The researchers found that 76 percent of drivers said they had talked on a cellphone while driving at least once in the previous month, with 24 percent acknowledging that they did so regularly. Forty-four percent of respondents said they had read or typed texts or emails while driving, and 18.5 percent said they had looked at Facebook or other websites while driving.
Anglos were less likely than other groups to view cellphone use while driving as risky, according to the study.
Womack said the most surprising result of the study came from analyzing the respondents’ education. People with higher education were more likely to speak on the phone, text or look at Facebook or other websites while driving than those with lower education.
“That’s pretty different from what we see with other traffic safety issues like alcohol-imparied driving and not wearing seatbelts,” Womack said. “Usually there’s a negative relationship between education and the behavior; in this case, it’s the opposite.”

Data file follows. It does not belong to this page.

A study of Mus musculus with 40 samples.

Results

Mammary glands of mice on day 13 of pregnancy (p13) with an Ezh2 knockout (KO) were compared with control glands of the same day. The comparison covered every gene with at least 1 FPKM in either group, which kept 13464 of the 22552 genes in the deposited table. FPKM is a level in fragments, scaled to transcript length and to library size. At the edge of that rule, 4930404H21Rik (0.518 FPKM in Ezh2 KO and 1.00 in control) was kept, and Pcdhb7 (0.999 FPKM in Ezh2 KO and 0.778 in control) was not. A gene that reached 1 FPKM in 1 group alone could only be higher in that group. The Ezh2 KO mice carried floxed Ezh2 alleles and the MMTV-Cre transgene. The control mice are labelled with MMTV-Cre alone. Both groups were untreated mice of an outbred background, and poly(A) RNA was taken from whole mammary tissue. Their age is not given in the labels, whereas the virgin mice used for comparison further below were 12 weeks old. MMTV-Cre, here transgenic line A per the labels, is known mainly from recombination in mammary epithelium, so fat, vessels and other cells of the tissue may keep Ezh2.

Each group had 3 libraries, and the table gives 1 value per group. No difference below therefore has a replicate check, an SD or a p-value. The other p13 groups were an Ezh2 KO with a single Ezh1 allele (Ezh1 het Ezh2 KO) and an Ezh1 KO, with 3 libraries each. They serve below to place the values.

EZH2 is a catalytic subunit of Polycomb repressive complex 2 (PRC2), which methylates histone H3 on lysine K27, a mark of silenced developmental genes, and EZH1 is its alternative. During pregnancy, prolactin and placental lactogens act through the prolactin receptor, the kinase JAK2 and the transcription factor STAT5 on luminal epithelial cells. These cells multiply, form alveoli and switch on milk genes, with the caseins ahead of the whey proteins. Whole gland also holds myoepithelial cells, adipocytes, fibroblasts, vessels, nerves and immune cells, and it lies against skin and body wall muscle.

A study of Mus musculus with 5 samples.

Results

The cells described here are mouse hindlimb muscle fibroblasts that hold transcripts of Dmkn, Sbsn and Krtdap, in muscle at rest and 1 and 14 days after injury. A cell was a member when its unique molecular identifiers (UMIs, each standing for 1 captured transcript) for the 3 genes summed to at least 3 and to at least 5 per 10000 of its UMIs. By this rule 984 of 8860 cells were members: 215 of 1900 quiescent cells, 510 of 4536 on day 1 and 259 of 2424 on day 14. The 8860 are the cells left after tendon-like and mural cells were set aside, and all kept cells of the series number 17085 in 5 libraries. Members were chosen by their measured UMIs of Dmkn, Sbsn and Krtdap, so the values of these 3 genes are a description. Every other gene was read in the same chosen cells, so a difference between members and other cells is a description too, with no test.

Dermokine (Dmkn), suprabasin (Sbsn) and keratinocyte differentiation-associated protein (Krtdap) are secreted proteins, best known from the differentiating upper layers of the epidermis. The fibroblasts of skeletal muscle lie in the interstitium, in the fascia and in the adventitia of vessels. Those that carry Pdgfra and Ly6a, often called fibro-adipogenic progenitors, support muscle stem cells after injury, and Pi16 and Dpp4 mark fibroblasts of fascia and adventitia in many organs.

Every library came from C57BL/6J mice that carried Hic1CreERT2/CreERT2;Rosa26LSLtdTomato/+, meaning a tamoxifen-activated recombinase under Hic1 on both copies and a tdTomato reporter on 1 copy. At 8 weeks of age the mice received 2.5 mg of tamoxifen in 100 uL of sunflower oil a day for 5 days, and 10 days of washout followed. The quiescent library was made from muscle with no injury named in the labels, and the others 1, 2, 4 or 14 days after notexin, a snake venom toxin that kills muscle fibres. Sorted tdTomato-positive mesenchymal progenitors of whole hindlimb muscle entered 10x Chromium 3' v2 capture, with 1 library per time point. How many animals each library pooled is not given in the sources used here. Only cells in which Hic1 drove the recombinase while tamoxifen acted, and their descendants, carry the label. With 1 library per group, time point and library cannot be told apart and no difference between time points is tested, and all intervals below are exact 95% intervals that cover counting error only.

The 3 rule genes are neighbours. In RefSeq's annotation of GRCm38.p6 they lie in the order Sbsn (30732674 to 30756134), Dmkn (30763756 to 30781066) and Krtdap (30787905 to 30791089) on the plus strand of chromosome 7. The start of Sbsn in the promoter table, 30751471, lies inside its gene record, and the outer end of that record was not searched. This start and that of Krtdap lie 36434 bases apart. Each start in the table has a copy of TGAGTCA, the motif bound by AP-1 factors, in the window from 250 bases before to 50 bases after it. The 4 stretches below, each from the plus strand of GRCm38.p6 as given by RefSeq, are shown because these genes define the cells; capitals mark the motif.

Womack said she wasn’t sure what leads people with higher education to use mobile devices more while driving, but described it as an area that warrants further study.
The survey found that 49 percent of respondents "strongly agreed" that texting while driving should be illegal in Texas.
Texas is one of just a handful of states without a statewide texting while driving ban, though some Texas cities have implemented bans. Statewide, texting and handheld phone use is banned while driving through active school zones and in all instances for school bus drivers and drivers younger than 18. Forty-three states currently ban texting while driving for all drivers, and 12 states ban all handheld cellphone use while driving, according to federal data.
In recent legislative sessions, Texas lawmakers have debated whether to further restrict mobile phone use while driving. In 2011, Gov. Rick Perry vetoed a bill that would have banned texting while driving statewide. In the last legislative session, a texting-while-driving ban passed the House but failed to draw enough support in the Senate.
This article originally appeared in The Texas Tribune. Texas A&M University is a corporate sponsor of The Texas Tribune.